Esmé Weijun Wang on the Physical and Visceral Act of Writing
From the Thresholds Podcast, Hosted by Jordan Kisner
This is Thresholds, a series of conversations with writers about experiences that completely turned them upside down, disoriented them in their lives, changed them, and changed how and why they wanted to write. Hosted by Jordan Kisner, author of the new essay collection, Thin Places, and brought to you by Lit Hub Radio.
On today’s episode, Jordan talks to Esmé Weijun Wang, author of The Collected Schizophrenias, about imposter syndrome, the physical task of writing about trauma, the limitations of writing about chronic illness, and more.
From the interview:
Jordan Kisner: How have you navigated feelings of fear or of resistance to self-disclosure, or just of anxiety about the stakes of writing about things that are hard, the things that are vulnerable?
Esmé Weijun Wang: One thing is that I am very clear with myself that there are some things that are hard, that have been hard in my life, that are very painful, that I completely give myself permission to never write about. Given my online persona and the way that I am on social media, I think people sometimes might get the idea that I write about everything, or that I tell everything, and that’s very much not the case, and I don’t think that’s the case with most writers. There are so many things that I keep private or personal. I often joke—but it’s not really a joke—that I’m the most honest in my fiction because that’s where I can hide things. That’s where I can hide things the best.
So first, I give myself permission to not write about certain things, and that makes me feel free about the choices that I’ve made to write about certain other things. So because I don’t write about A, and I’ve decided to write about B, I do feel a certain amount of agency overwriting about B. It’s not that it’s easy to write about the things that I’ve written about. Like I said, I think “John Doe, Psychosis” was probably the hardest essay to write, just in terms of emotional trauma, in The Collected Schizophrenias. It wasn’t the hardest essay technically to write, but I had to go through hundreds of pages of journals to write that essay. And there was a lot of stuff that was hard to relive and to think about, and old emails.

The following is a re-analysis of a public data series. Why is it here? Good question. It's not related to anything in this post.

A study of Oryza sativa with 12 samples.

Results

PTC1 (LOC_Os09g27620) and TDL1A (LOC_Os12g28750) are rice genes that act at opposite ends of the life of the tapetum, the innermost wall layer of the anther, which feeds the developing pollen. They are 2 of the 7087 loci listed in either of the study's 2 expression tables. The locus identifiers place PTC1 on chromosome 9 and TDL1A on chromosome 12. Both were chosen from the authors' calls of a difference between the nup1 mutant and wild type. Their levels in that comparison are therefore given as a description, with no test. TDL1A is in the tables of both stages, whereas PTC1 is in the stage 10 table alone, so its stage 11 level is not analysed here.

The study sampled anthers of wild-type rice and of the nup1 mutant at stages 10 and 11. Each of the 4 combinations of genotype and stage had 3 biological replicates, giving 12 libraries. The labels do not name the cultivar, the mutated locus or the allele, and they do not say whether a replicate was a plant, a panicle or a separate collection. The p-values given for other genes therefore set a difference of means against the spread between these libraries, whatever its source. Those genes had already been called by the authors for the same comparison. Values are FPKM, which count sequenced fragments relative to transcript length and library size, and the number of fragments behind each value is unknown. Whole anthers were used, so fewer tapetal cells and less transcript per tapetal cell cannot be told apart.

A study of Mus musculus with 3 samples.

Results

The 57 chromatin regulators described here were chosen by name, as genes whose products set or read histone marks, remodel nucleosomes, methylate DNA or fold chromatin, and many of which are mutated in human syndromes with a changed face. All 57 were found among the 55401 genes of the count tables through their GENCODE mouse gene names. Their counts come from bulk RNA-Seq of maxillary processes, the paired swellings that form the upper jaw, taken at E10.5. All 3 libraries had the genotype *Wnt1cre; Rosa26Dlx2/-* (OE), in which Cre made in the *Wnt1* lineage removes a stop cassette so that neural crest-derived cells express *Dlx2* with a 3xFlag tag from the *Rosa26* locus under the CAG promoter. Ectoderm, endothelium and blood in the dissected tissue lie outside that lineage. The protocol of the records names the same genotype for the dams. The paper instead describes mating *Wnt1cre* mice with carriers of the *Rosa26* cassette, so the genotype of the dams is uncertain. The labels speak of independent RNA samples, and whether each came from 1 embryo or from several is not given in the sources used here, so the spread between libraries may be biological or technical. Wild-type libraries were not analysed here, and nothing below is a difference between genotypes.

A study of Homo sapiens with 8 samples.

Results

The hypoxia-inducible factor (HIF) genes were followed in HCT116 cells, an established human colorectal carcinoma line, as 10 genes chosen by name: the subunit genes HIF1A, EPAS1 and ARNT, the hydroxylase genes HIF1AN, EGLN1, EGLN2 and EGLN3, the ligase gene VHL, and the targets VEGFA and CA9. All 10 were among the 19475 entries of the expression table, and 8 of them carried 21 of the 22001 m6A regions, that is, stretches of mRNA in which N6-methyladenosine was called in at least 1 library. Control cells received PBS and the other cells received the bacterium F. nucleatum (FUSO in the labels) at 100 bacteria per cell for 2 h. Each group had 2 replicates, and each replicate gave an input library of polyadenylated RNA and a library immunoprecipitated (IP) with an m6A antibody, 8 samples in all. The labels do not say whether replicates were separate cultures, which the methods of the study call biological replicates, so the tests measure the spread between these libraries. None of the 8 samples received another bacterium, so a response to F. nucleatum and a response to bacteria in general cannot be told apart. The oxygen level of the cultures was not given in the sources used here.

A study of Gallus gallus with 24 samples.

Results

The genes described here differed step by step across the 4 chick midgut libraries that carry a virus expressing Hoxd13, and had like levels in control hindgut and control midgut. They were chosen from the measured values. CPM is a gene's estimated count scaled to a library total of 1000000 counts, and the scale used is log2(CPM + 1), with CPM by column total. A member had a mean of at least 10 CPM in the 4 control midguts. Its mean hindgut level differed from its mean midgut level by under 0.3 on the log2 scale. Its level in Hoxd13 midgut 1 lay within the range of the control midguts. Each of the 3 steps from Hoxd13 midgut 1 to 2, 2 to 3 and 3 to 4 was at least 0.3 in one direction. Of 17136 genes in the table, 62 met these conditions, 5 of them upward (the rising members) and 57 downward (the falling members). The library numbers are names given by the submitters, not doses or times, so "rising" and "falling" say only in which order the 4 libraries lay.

I’ve talked to other writers who have written maybe not essay collections, but memoir—I’m thinking about one friend in particular who wrote a memoir that had a lot of traumatic stuff in it, and my friend was telling me about nightmares, like constant nightmares, and a lot of PTSD and stuff like that. And I think that’s also a reality that would be nice to talk about. You don’t have to write about things that make you have PTSD all the time, or make you have nightmares all the time, but you also want to be able to process that, if you are having that experience.
Jordan Kisner: I think that’s something that’s not discussed nearly as much as it could or should be, the psychological or emotional tax that’s taken on a writer if they are writing about a period of their life or an experience they had that was really hard for them or involved some amount of suffering or trauma. That revisiting that in writing is itself a little bit of a—I don’t even know what the word is—is its own trial, I guess.
Esmé Weijun Wang: Yeah, for sure. Even with fiction, there are things I’ve written that have made me physically ill in the writing, where I’ve had to stop and throw up. Writing can be a very physical and visceral act, and it’s good to take that into account and good to talk about these things, I think.